Medicine: WellPoint Health Networks wants the government to allow over-the-counter sales of Allegra, Claritin and Zyrtec.


Hoping to save tens of millions of dollars annually, one of the nation's largest managed care plans is asking the federal government to convert three top-selling prescription allergy drugs--Allegra, Claritin and Zyrtec--to over-the-counter status.

In so doing, WellPoint Health Networks, based in Thousand Oaks, is essentially asking the federal government to take the unprecedented step of prematurely stripping the drugs of their patent protection, which shields drug makers from competition.

The three drugs have been heavily promoted by their manufacturers in magazines and television advertisements aimed at the estimated 50 to 60 million Americans who suffer from seasonal allergies. "These drugs," says WellPoint Vice President Robert Seidman, "are marketed like candy on TV."

Allegra, Claritin and Zyrtec had combined sales of more than $5 billion last year, with Claritin accounting for $3 billion of that total. They are popular because, unlike some over-the-counter allergy medications, they don't cause sleepiness or drowsiness.

Claritin, which typically costs $85 a month if purchased directly at a pharmacy in the United States, is already available over the counter in Canada and some other countries that have stronger drug-price controls. In Canada, the medication costs about $15 for a month's supply.

With so many millions at stake, it is unlikely that the drugs' manufacturers would give up their patent protection without a fight.

WellPoint decided to take action "because having these three incredibly safe drugs only available by prescription places an unnecessary financial burden on the health-care system and on consumers," said Seidman.

In June 1998, the California managed care firm filed a citizen's petition with the Food and Drug Administration requesting that these three top-selling drugs be switched to over-the-counter status because the prescription requirements deprives patients of "ready access to quality medical care."

The company's action is extraordinary, said Dr. John Jenkins, director of the FDA's Office of Drug Evaluation II in Rockville, Md. Usually, it is the drug makers themselves who request the over-the-counter switch when a drug is coming off patent. It's seen as a way to protect profits by maintaining brand familiarity.

Claritin is due to lose its patent protection in December 2002. Zyrtec's patent expires in June 2007, and Allegra's in 2013.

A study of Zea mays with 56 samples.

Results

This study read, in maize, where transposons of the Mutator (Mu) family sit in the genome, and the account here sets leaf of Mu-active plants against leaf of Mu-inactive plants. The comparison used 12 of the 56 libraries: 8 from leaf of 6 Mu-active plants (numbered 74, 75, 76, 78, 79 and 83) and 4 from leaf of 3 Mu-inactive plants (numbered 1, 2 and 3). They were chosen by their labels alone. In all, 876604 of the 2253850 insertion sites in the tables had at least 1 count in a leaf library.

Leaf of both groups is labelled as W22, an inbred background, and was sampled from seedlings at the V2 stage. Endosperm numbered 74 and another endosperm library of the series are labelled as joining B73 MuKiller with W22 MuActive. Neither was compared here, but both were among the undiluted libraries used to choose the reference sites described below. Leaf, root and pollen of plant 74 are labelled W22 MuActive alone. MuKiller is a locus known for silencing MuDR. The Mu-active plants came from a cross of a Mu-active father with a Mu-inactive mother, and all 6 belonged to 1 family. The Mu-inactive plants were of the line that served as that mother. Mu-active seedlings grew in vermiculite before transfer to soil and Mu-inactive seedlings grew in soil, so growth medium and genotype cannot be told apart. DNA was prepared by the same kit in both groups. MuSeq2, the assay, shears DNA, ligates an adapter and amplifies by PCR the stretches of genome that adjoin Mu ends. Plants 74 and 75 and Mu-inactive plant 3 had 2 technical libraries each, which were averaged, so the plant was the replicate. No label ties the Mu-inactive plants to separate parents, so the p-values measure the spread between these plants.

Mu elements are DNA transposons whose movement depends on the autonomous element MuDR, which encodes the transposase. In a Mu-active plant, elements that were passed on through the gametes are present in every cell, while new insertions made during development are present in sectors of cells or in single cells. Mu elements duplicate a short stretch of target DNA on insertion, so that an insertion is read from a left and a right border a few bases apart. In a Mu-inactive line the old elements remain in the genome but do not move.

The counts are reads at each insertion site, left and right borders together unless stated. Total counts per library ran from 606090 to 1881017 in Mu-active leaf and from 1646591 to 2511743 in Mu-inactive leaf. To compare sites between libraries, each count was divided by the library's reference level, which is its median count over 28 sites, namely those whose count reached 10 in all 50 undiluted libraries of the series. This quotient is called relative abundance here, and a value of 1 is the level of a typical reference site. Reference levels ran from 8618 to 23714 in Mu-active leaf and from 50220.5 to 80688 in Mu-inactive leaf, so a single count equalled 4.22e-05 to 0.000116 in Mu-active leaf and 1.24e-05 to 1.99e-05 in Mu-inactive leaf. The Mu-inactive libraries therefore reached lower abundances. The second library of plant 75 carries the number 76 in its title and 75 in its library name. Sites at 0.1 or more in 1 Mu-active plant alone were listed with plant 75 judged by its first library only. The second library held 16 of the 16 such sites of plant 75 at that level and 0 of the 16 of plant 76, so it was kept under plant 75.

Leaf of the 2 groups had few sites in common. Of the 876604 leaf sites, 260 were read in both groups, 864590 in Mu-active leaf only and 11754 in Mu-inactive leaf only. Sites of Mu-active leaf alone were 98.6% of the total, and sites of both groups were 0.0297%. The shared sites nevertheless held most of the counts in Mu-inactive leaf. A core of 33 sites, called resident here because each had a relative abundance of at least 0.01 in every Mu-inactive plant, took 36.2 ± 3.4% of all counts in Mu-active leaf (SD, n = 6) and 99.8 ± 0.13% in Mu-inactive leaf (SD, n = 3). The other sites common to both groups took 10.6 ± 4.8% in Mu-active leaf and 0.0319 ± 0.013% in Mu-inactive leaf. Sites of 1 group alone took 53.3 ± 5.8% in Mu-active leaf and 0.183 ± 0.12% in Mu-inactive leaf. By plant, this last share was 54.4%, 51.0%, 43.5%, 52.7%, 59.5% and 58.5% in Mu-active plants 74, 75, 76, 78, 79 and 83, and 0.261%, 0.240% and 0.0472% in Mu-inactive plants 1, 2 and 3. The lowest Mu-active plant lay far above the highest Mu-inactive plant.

Seidman contends that the three antihistamines meet the FDA's criteria for converting to over-the-counter status. Simply put, those criteria are: Is the illness easy to diagnose? Is it difficult to comply with the treatment regimen? And is the drug safe?

"People know if they have a runny nose, they can certainly take one pill a day, and these drugs are very safe," says Seidman.

Not surprisingly, the drugs' makers think otherwise and insist these products should be used with a doctor's supervision. "Allergies are a complex and potentially serious disease that require a high level of medical care," said William O'Donnell, a spokesman for Schering-Plough, the New Jersey-based manufacturer of Claritin.

Currently, some earlier-generation antihistamines, including Benedryl and Chlor-Trimeton, are available without a prescription. They can cause drowsiness, however, and impair people's ability to drive or operate machinery; pilots, for example, aren't allowed to fly for 48 hours after they've taken one of those medications. In rare instances, these antihistamines can trigger life-threatening cardiac arrhythmia. In contrast, the newer generation of drugs are just as effective, but don't have unpleasant side effects.

WellPoint and other health insurance officials have decried rising drug prices and complained that direct-to-consumer advertising is raising health costs in this country. They complain that all those ads extolling the virtues of Claritin, Allegra and Zyrtec have enticed record numbers of consumers to ask for the medications.

If the allergy drugs were moved to over-the-counter status, health plans such as WellPoint would no longer have to pick up the tab under their prescription drug programs. The expense would shift more directly to consumers.

WellPoint, which has 7 million members nationwide, estimates that it would save $45 million a year in direct drug costs and another $45 million in unnecessary doctor's visits, said Seidman.

Kaiser Permanente, the giant HMO based in Oakland, spends $25 million to $30 million annually on antihistamines for its 6 million members in California, said Anthony A. Barrueta, a pharmaceutical policy analyst for Kaiser. "Prescriptions have jumped by as much as 40% to 50% in the past two years," he says. "It's incredible." He blames advertising.

The FDA has scheduled a public hearing for May 11 at FDA headquarters in Rockville, to consider WellPoint's petition. At that time, an advisory committee of scientists will weigh the risks and benefits of making the conversion and decide whether these drugs can safely be used if available over the counter.

But the process could take years, so don't count on finding these allergy fighters at the drug store any time soon.